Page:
There was nary a man-made noise as I listened with delight at streamside to the gently flowing current and various birds. Unseen, passive watchfulness gathered undirected attention. An hour passed quickly, almost unnoticeably.
True meditation occurs when goal-less, effortless awareness of the outer and inner movement induces spontaneous stillness of mind. Just as the phenomenon of meditation began however, someone started up a tree shredder on the other side of the hedge across the creek.
Tree shredders are to leaf blowers as jet engines are to blaring car stereos. They assault not only the ears but the entire body.
Naturally I reacted, first with a physical jolt, then with anger. But the timing was so obvious, and such things happen so often while meditating in the park or backyard, that it’s beyond coincidence.
Since people don’t start up generators (like my unseen neighbor when I take a meditation in the backyard) or tree shredders to annoy me, what is going on?
Is there a movement of the ‘dark metaphysical’ in human consciousness? That is, is there collective darkness, plus intentionality, of which the individual conduit is unaware?
I feel yes. And we cannot avoid darkness anymore than we can avoid noise. One has to meet both, as they arise, inwardly and outwardly, while allowing daily space for a healing, sacred silence to be.
The sounds of nature and noises of man hold tremendous meaning, if one knows how to listen. Normally, we react with recognition, annoyance or indifference to sounds and noises. People living next to railroad tracks or freeways can become inured to the extreme noise, even though it affects the health of the body.
The human being requires regular periods of stillness and silence. Not just because before the Industrial Revolution we dwelled amidst the sounds and silences of nature, but much more importantly, because silence is in the nature of things.
Acoustically speaking, the ‘Big Bang’ is the greatest misnomer. There are no sounds in the vacuum of space, and there was no explosion in any case.
The universe was not created at some point and is winding down or speeding up like a comic clock, but is being continuously created from infinite depths of silence. This background silence is synonymous with deathless death, the everlastingly mysterious ground of all energy and matter that gave rise to the universe in the beginning, and in its perpetual beginning in the present.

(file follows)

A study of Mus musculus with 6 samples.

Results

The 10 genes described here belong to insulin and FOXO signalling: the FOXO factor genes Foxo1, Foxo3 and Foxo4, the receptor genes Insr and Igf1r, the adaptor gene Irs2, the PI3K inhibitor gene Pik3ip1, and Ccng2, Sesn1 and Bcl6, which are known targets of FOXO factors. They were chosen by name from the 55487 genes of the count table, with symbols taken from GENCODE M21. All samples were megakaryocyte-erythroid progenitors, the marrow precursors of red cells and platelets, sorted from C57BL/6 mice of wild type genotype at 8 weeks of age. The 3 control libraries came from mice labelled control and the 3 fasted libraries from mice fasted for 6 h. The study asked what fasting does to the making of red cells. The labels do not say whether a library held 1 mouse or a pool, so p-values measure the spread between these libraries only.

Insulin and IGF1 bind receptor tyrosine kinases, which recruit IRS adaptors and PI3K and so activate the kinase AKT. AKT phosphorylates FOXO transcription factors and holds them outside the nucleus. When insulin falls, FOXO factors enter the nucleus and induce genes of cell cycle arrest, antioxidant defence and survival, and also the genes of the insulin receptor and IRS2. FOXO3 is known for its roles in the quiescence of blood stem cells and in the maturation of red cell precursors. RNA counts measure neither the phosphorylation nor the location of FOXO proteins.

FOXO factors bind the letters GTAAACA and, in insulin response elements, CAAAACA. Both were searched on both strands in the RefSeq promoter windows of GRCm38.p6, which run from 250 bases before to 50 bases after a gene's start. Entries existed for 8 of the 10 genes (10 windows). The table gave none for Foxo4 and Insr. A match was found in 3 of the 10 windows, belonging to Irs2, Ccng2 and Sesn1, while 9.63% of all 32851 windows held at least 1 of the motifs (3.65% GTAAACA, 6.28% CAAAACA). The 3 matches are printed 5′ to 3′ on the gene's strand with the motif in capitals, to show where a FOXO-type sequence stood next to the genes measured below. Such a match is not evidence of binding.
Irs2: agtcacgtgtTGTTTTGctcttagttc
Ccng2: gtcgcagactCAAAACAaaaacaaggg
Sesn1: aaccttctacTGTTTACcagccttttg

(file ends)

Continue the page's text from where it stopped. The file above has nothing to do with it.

The human being communes with this inseparable ground of death, creation, love and God with the complete silence of thought.
It’s strange how the evolutionary cognitive development – symbolic thought — that gave us the neural capacity for conscious communion with the sacred, is a tremendous impediment to realization of cosmic intent.
Being at one with divine silence is the highest capacity of the human being. To the extent that we only hear the noise of man, outwardly and inwardly, we are incapable of ‘hearing’ this silence.
I live where the din of freeway traffic varies according to weather conditions and time of day. Sometimes the traffic din is overwhelming; sometimes I can’t hear it at all. I’ve come to feel that the freeway din is the noise of human consciousness made manifest.
The thing about listening to one’s reactions to man-made noise – generators, leaf blowers, motorcycles, freeway din, etc. – is that it makes silence that much sweeter.
When thought spontaneously ceases in intense, non-linear attention to ugliness and beauty, to noise and stillness, one feels the cosmic womb of silence.
The self-made darkness dominating human consciousness does not want us to commune with the immanent sacredness that pervades nature and the cosmos. Can one face and rise above it?
Though a meditative state was beginning as the tree shredder started grinding branches into wood chips, I took it in stride after the initial reaction of shock and anger. I didn’t get up and leave, but remained with conditioned and emotional reactions, as I had enjoyably done during the previous hour of salubrious silence.
There was a hint of fear, I admit, and the question, ‘what the hell is going on?’ To my surprise however, the mind was not jolted out of a meditative state, but remained calm and curious.
Suddenly the shredder stopped. The external silence returned, and silence deepened inwardly. A small, white-headed tree climber flew up and circled the beech in front of me. I felt an explosion of affection.